The Fralinger and Quaker City string bands have hogged first place for 14 years, so the Woodland win was a "Cinderella story" that had Mummers setting aside rivalries to celebrate, said George Badey, Mummers Association spokesman and Fralinger member.
Woodland's performance, called "It's a Jungle Out There," featured marchers and musicians dressed as tribal warriors, a giant lion, confetti-spouting elephants, big bananas and a score that included snippets from "The Lion Sleeps Tonight," "Welcome to the Jungle" and "Tusk."
Rich Bruch was the Woodland marshal who first received the results. He broke down and cried when told of their win.
"I've been there every year since 1995, and there's not usually a lot of emotion. [The mood] is mostly pissed off that Quaker City or Fralinger won again," said Leo Dignam, the city's parade director. "But everybody was happy about this."
Woodland's 112 members had boarded a bus to return to South Philly when Bruch called club president Tom Loomis with the results.
Loomis stopped the bus and ordered everyone off. They circled around, wondering what was worth standing in the cold rain.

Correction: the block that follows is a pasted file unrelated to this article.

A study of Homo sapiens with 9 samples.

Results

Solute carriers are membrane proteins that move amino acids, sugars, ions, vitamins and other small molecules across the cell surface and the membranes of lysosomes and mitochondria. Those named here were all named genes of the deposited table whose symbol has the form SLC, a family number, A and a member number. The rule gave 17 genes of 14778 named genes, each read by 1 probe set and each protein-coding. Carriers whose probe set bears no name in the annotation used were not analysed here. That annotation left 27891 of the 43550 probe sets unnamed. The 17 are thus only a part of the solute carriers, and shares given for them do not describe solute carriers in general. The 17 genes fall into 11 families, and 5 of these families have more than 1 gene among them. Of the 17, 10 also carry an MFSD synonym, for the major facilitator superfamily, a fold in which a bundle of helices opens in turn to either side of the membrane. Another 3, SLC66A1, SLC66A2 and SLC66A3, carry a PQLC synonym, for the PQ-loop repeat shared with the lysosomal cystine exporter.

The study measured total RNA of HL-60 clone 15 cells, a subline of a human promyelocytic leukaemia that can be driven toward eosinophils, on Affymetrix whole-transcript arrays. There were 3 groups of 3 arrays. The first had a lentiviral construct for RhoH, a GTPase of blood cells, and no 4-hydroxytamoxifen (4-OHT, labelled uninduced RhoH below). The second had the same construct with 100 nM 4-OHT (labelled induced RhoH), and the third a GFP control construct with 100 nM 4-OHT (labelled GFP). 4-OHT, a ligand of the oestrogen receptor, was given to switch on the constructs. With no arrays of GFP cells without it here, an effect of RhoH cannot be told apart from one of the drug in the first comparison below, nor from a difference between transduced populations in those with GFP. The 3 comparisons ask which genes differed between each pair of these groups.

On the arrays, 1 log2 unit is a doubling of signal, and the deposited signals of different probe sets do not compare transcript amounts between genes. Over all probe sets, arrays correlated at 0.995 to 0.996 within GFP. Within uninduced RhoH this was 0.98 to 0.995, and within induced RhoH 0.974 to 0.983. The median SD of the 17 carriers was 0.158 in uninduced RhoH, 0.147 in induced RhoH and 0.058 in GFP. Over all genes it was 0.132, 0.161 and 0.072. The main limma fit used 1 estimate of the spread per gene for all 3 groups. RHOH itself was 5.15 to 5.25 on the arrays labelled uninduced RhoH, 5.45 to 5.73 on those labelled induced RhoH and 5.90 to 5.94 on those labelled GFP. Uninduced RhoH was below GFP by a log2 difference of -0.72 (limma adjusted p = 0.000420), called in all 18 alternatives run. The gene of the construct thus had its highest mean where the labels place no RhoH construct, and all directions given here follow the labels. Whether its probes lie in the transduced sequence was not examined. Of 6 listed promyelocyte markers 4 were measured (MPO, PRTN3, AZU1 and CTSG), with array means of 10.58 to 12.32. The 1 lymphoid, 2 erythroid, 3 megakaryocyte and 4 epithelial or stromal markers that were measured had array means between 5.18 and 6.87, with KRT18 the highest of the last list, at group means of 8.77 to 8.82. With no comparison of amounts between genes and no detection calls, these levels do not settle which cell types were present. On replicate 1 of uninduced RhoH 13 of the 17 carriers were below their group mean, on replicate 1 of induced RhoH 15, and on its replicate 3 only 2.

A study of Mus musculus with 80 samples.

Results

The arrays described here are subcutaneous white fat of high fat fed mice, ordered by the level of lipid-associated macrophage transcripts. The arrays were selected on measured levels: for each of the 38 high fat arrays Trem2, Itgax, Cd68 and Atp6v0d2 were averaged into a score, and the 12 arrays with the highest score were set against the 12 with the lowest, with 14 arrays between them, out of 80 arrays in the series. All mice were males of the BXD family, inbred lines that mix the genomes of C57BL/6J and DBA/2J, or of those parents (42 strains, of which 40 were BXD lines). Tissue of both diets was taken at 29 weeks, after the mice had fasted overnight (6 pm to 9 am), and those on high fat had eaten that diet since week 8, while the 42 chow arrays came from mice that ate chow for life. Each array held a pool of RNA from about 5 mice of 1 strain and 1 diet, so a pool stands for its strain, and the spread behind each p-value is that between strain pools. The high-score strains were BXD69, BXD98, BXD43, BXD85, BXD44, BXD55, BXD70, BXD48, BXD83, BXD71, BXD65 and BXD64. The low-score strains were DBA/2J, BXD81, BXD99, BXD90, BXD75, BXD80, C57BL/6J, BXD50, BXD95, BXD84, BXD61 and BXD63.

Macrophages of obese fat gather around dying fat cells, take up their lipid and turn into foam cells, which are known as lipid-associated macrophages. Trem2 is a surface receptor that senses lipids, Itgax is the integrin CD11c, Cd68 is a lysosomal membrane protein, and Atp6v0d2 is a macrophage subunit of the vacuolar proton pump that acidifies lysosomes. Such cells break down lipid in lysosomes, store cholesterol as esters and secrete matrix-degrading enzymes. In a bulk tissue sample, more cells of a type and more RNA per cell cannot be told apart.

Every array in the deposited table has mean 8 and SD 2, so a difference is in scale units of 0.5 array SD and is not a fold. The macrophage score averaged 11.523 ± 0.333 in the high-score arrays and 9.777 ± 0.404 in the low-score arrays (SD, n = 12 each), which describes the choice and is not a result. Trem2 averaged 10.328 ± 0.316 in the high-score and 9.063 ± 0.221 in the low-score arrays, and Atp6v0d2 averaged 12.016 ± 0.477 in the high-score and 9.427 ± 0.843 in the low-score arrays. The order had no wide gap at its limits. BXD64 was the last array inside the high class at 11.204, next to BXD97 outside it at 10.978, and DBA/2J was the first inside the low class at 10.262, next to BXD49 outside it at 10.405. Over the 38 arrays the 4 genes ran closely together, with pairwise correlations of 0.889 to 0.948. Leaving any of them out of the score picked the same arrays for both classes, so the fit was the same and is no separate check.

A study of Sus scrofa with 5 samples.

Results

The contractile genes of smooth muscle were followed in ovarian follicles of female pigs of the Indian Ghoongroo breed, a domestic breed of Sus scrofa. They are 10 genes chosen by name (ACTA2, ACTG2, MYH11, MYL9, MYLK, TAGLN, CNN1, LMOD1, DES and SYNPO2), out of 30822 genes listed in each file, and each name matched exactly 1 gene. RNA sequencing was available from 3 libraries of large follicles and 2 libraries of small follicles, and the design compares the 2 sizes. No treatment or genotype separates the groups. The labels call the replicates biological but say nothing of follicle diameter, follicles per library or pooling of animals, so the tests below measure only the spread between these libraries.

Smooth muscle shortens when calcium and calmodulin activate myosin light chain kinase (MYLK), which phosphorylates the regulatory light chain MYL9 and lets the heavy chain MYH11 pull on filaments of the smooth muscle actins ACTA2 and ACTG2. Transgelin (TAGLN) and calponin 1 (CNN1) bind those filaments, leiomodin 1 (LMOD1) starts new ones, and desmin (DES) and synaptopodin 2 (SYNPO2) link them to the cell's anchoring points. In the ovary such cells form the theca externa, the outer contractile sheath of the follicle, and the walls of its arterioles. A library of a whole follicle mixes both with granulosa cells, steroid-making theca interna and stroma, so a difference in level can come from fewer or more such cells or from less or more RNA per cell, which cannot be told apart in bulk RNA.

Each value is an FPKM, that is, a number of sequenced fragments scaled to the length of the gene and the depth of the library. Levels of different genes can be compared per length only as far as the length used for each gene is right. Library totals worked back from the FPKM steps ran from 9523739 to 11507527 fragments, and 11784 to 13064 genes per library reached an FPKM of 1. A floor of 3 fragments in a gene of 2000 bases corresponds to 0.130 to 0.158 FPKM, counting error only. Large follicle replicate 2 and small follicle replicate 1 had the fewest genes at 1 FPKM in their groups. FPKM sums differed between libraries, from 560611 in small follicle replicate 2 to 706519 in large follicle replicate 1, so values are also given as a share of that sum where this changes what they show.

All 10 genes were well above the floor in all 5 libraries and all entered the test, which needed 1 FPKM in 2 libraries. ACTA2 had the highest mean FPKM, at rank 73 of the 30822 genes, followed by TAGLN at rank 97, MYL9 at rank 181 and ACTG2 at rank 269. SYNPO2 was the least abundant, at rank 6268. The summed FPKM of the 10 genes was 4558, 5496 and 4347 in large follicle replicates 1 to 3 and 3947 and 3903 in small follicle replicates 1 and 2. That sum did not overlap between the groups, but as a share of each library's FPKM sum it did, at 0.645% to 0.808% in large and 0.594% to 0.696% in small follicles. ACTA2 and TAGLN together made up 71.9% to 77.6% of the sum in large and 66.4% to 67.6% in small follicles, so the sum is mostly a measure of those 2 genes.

"You did it! You're the champions!" he announced.
"There was just such a roar. They danced in the streets for a half-hour," Dignam said.
Winning was something David Anderson always knew they could do. Anderson has been a Woodland member for 58 years, since he was 3 years old. He, his father and his grandfather - both also named David - are Woodland Hall of Famers. Woodland's clubhouse is named "Anderson Hall" in honor of the family.
"It's like a dream come true," Anderson said yesterday.
At the clubhouse yesterday, members admired their trophy as Loomis eyeballed a wall of photos of past performances.
"We'll hang it there," he pointed, adding: "This year's [photo] will be a lot bigger!"